2019 Suzuki Katana Unveiled at Intermot

  • Suzuki has finally unveiled the 2019 Suzuki Katana at the Intermot show.

  • The new bike blends classic elements of the original with fresh ideas.

  • The engine is based on the GSX-S1000F and produces 147bhp.

We don’t know about you guys and gals, but we were getting a little exasperated after being teased on and on the new 2019 Suzuki Katana.

We found ourselves yelling, “Oh c’mon! Show us the bike already!” at the screen everytime a new teaser video came on and ending with the Intermot message. We could hardly wait.

Well, the Intermot show now on and Suzuki has made good on their promises to unveil the bike.

The new bike certainly blends some of the most iconic aspects of the Katana with a fresh outlook. For example, the fuel tank’s lines blend in with the seat’s, as well as the knee cutout panels below the tank, the cut beneath the tank, the slope angle and colour of the mini windshield, two-toned seat, the silver paint emblazoned with bold red “SUZUKI” lettering and of course, the Katana logo.

On the mechanical side, the engine is based on the GSX-S1000F naked sportbike’s. That engine itself, on the other hand, was based on the 2005 GSX-R1000. Why choose an engine derived from “older” specs? Because the 2005 engine was long-stroked and had lots more low-down and midrange grunt.

Still, the new Katana’s 999cc inline-Four engine produces 147bhp.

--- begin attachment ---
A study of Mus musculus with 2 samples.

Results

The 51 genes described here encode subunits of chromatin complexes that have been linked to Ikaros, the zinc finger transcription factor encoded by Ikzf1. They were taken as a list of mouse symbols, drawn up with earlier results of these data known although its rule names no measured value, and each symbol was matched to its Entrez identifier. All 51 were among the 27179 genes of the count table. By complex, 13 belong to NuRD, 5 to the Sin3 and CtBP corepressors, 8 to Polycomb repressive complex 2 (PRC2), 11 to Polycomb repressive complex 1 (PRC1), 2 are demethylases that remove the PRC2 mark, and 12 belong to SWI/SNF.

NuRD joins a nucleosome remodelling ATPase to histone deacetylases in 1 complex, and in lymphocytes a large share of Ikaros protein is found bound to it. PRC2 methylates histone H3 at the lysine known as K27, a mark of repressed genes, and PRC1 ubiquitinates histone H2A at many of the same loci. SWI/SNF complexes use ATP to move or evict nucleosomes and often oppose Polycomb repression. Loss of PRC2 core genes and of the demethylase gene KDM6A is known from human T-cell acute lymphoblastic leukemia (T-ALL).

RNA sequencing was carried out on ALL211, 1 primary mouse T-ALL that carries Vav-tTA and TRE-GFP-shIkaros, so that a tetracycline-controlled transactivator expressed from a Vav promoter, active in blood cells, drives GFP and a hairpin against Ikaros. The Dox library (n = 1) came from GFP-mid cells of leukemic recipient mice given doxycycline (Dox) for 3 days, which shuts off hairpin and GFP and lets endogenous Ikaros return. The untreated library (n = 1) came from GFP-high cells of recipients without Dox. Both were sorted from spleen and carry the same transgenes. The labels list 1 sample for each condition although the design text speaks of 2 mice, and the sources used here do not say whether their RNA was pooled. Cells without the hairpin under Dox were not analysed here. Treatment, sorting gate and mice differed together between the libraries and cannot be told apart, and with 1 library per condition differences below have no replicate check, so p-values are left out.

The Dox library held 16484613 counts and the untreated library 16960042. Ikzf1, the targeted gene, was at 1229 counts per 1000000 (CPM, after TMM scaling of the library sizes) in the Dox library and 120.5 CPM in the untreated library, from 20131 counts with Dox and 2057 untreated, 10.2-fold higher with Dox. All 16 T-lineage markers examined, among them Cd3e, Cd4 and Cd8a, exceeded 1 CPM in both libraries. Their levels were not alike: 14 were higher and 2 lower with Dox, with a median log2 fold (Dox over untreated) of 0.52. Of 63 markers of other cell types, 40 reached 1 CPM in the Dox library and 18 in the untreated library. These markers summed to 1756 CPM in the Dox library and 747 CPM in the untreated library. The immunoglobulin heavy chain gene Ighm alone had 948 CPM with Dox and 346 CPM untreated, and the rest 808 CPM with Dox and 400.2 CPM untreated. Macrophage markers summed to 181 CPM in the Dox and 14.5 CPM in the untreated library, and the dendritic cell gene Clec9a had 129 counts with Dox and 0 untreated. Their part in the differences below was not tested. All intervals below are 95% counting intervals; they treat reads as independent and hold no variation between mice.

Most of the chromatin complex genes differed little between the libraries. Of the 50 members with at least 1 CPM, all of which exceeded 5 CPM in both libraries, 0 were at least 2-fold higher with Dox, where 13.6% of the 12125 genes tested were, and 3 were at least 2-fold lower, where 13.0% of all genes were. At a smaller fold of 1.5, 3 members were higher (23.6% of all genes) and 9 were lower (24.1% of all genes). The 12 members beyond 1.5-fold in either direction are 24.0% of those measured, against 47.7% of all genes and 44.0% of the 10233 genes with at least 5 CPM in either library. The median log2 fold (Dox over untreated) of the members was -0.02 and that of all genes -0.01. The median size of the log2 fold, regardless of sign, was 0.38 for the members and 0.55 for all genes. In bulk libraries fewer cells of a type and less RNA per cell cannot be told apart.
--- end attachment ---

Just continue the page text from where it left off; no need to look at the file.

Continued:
As for electronics, it shares the same suite with the GSX-S1000F’s, meaning it has ride-by-wire throttle, power modes, 3-level traction control, ABS, slipper clutch and so forth.

The lighting system has gone all modern, too, utilizing LEDs all around. The instrument cluster has been taken over by a large single TFT LCD screen.

Now for some reality check. Will Suzuki Assemblers Malaysia bring the Katana to our shores? And how much will it cost? Let’s hope they do!

Wahid's lust for motorcycles was spurred on by his late-Dad's love for his Lambretta on which he courted, married his mother, and took baby Wahid riding on it. He has since worked in the motorcycle and automotive industry for many years, before taking up riding courses and testing many, many motorcycles since becoming a motojournalist. Wahid likes to see things differently. What can you say about a guy who sees a road safety message in AC/DC's "Highway to Hell."